Three New Treatments Bring Good News for People With Crohn's
There have been several recent advances in how physicians treat inflammatory bowel disease (IBD). These treatment options have primarily focused on developing biological agents (e.g., antisense oligonucleotides, monoclonal antibodies, and recombinant peptides, or proteins) that target the neutralization of specific pro-inflammatory proteins. Monoclonal antibodies that target the tumor necrosis factor (TNF) have been found to be especially effective in the treatment of Crohn's disease. The anti-TNF agents range from the human IgG1 anti-TNF-alpha monoclonal antibody, adalimumab, to the chimeric monoclonal antibody, infliximab.
The anti-TNF agents have been found to be so effective that they actually reset the acceptable level of response to treatment in Crohn's disease.
There have been a lot of changes and advances in the field of healthcare and how IBD is treated. The treatment options are known to focus mostly on the development of biological agents such as monoclonal antibodies, antisense oligonucleotides, and recombinant peptides, or proteins. The anti-TNF agents are seen as an effective method that can actually reset the acceptable level of response to the treatment of Crohn’s disease.
- Anti-TNF drugs: When the body produces excess TNF-alpha, it becomes difficult to manage inflammatory diseases such as Crohn’s. In such cases, the anti-TNF medications are known to work by binding the tumor necrosis factor alpha to their blood cells as well as the cell membranes, which are known to block it in an effective manner. The anti-TNF medications have already been used to treat RA for the past few years.
- Infliximab: This medication has been known to be very effective in treating the inflammation associated with IBD. But this medicine is not considered safe for everyone since it can lead to certain complications in the case of pregnancy and in people who have a medical history of tuberculosis, nervous system issues, or heart disorders. The side effects include difficulty breathing, pain in the chest, nausea, rashes on the skin, hives, dip in blood pressure, and headache.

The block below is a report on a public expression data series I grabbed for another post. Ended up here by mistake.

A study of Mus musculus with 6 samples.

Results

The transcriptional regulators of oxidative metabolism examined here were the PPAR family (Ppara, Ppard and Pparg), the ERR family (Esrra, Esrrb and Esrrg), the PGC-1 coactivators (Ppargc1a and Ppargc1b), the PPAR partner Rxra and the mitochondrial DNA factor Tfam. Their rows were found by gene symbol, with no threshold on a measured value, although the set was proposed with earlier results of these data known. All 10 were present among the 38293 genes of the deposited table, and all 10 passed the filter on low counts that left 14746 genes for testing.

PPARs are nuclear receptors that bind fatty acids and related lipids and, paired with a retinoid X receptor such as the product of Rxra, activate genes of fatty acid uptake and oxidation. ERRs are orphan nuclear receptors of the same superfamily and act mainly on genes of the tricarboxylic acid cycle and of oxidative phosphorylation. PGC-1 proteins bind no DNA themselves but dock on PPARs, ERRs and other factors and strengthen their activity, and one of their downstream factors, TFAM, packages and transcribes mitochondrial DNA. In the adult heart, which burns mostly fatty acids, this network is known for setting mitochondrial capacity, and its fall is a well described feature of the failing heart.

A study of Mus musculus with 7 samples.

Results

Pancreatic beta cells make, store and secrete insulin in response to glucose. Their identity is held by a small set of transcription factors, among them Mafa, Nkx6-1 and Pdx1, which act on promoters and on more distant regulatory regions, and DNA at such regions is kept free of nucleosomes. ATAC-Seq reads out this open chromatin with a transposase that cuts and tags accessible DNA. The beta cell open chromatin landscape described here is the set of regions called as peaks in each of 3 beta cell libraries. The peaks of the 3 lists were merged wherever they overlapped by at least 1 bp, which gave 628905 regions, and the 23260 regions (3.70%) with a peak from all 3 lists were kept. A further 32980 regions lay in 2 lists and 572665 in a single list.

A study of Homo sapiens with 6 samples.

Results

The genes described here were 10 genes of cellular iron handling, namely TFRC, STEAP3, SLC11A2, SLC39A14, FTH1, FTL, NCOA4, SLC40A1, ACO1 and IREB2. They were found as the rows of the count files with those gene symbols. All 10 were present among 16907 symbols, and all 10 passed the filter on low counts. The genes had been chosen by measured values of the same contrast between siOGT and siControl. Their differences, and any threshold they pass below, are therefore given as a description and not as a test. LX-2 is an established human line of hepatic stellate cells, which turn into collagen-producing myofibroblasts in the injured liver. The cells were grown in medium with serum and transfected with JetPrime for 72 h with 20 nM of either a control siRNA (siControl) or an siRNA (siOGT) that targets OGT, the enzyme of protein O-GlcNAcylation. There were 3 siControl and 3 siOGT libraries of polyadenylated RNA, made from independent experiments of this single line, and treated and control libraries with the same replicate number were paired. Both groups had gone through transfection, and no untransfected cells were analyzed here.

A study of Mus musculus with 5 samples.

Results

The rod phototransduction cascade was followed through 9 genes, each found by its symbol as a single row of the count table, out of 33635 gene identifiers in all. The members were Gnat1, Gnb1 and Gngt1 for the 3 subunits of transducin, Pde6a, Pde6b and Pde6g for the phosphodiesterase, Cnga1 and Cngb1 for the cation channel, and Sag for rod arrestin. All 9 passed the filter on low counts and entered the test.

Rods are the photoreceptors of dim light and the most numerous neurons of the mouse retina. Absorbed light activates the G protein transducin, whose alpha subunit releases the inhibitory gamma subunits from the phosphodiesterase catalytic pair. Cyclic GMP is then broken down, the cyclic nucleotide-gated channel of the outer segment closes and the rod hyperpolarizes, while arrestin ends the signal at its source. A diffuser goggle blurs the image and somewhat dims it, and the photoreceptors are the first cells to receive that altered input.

Of late, there have been three new biological treatments approved for IBD, and they include certolizumab pegol, adalimumab, and Natalizumab. These treatment options have opened doors for new therapies, which include early intervention in the disease as well as the top-down approach. There were two separate studies conducted in the year 2008 to investigate how safe infliximab is for treating Crohn’s disease.
The first study was conducted for analyzing ENCORE registry. After the study, the researchers observed a slight increase in the overall incidence of adverse effects experienced by the patients who were treated with infliximab, and the reason for these as well as an increased occurrence of infections was due to the individual being extremely sick with Crohn’s disease when the treatments were begun, and so they were also taking steroids as well as immunosuppressants. The second research study was conducted with a desire to examine the safest way to use infliximab while treating Crohn’s patients. Combination treatments that included a mix of steroids and infliximab were known to result in a high risk of infection, and the combination of infliximab with immunosuppressants was linked with a doubled risk of infection. However, there was no risk of infection for those who only took infliximab for treatment.
The main factors that must be considered before deciding on the anti-TNF therapy for treating Crohn’s should always be the safety of the method as well as the efficacy. The four main medicines currently used to treat Crohn’s — adalimumab, certolizumab, Natalizumab, and infliximab — seem to show the same ratings on a similar scale. So, the patient’s doctor should judge each issue before finalizing the medicine to be used.